Booster Shots

Operation Round Up strengthens local athletic programs

Several Samson Lady Tigers line up to practice their shooting with the aid of a basketball return machine. The machine was purchased with a donation from WEC’s Operation Round Up.

Eight enormous, intimidating banners of royal blue and yellow inside Samson High School’s gymnasium let opponents of the Lady Tigers basketball team know they face a daunting challenge.

Each sign commemorates a trip to the state Final Four by the Lady Tigers — all eight of them in this century. Four of those journeys ended in state championships, most recently in 2018. The 2020 to 2021 squad began its season 18 to 2, showing the potential for another banner year for the Lady Tigers.

Aiding this year’s team in the quest to continue its dominance is a tool called “The Gun,” a machine that quickly collects rebounds and feeds basketballs to players during practice. Without players having to chase their own rebounds, shooting drills operate much more efficiently.

This critical addition to the program was made possible by a $5,500 donation from Wiregrass Electric Cooperative’s (WEC's) Operation Round Up (ORU) Charitable Foundation. The donation represents one of two significant commitments ORU recently made to local athletics programs. The other, a $4,000 check, allowed Houston County High School to build a new locker room for the girls' athletic programs and batting cages for the softball team.

“We at Wiregrass Electric Cooperative understand how valuable of a role athletics can play in a child’s development,” says WEC Chief Operating Officer Brad Kimbro. “Coaches become role models. Athletes learn discipline and teamwork through sports, which gives them valuable skills for the workforce and life. We’re proud to support athletics and other extracurricular activities through Operation Round Up.”

Building for the Future

When the Samson sports boosters approached Lady Tigers head coach Chad McKnight about improving the Tigers’ boys and girls basketball programs, he knew exactly what to say.

Members of the Samson High School faculty and sports booster club accept a $5,500 check from WEC’s Operation Round Up.

“I got to thinking about the one thing all these kids need to work on; it’s their shot,” says McKnight, who has won two state titles at Samson. “Nobody is perfect. I know people who have these machines. They say it’s the best thing you’ll ever invest in.”

The benefits of the basketball return machine are twofold. Not only does it increase the amount of shooting repetitions a player can have in a practice session, but it also improves the shot.

“The catcher sits up high, so it makes you put an arch on your shot,” McKnight says. “I’m constantly on these girls about putting a little arch on the shot.”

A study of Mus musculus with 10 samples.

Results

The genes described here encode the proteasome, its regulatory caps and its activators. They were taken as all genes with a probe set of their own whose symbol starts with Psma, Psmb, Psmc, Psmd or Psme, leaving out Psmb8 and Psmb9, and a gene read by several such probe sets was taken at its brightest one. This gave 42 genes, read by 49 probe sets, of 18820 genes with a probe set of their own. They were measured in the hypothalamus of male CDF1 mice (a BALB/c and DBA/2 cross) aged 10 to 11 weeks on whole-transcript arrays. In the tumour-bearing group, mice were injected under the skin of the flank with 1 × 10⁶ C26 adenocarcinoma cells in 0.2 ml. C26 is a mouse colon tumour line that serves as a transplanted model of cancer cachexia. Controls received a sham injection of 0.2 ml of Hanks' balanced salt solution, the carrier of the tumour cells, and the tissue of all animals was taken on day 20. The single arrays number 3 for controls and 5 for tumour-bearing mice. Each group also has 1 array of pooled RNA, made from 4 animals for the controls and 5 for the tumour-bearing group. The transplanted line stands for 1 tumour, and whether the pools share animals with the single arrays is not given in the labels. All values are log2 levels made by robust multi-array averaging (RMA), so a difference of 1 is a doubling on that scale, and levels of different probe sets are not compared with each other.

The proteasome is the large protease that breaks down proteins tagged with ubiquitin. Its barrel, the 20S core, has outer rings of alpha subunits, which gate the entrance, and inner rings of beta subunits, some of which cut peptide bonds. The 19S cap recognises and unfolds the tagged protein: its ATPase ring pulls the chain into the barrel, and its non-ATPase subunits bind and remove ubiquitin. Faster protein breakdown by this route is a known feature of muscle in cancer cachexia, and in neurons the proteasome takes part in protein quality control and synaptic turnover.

McKnight notes the machine has paid immediate dividends, but he knows the deeper effects will be felt in years to come.

“It’s a thing that’s going to benefit you more in the offseason,” he says. “On the weekends we’ll let them in the gym and take advantage of it away from practice, because you can only do so much with it in practice.”

Preparing a Foundation

At Houston County High School, Lady Lions volleyball and softball coach Daphine Hamm also sees the ORU donation as an investment into the future of her programs — especially in softball.

“Those batting cages will help our program because we had nowhere for the girls to practice the technique of their batting, opening up their hips and hitting off a tee,” she says. “It means so much to the program. We don’t have a lot of little kids building up their skills.”

Emma Lee lines up for a shot while using The Gun, a basketball return machine.

A lack of youth recreational teams in most eastern Houston County communities means many youth aren’t officially introduced to softball until they reach junior high school. That has hindered the success the Lady Lions have had on the diamond, Hamm says.

“The foundation hasn’t been here for a while since the recreation program went away in Columbia,” she says. “The kids don’t have anywhere to develop the skill, where other towns have many Little League programs. By the time athletes get to us, we’re teaching them how to field a ball, how to hit a ball. We are behind the 8 ball when we leave the gate.”

Hamm believes the batting cages will change that. She envisions working with younger children at the facility, which is constructed on the town of Columbia property.

Other Lady Lions athletics programs also are benefiting from the ORU donation.

The school’s Martha Nell Vann Rogers Gymnasium is almost five decades old, and space had become a premium there, says Houston County High Principal Lisa Towns. ORU funds helped maintenance staff convert an office and storage room into a new locker room, which the girls' athletics programs will use instead of a facility primarily devoted to physical education classes.

“The athletes feel like they are appreciated and they’re worthy,” Towns says. “Anything we get, we’re grateful. Wiregrass Electric helped us put up a storage building last year, which was much needed. I myself have become part of Operation Round Up just because I see what they do for the school.”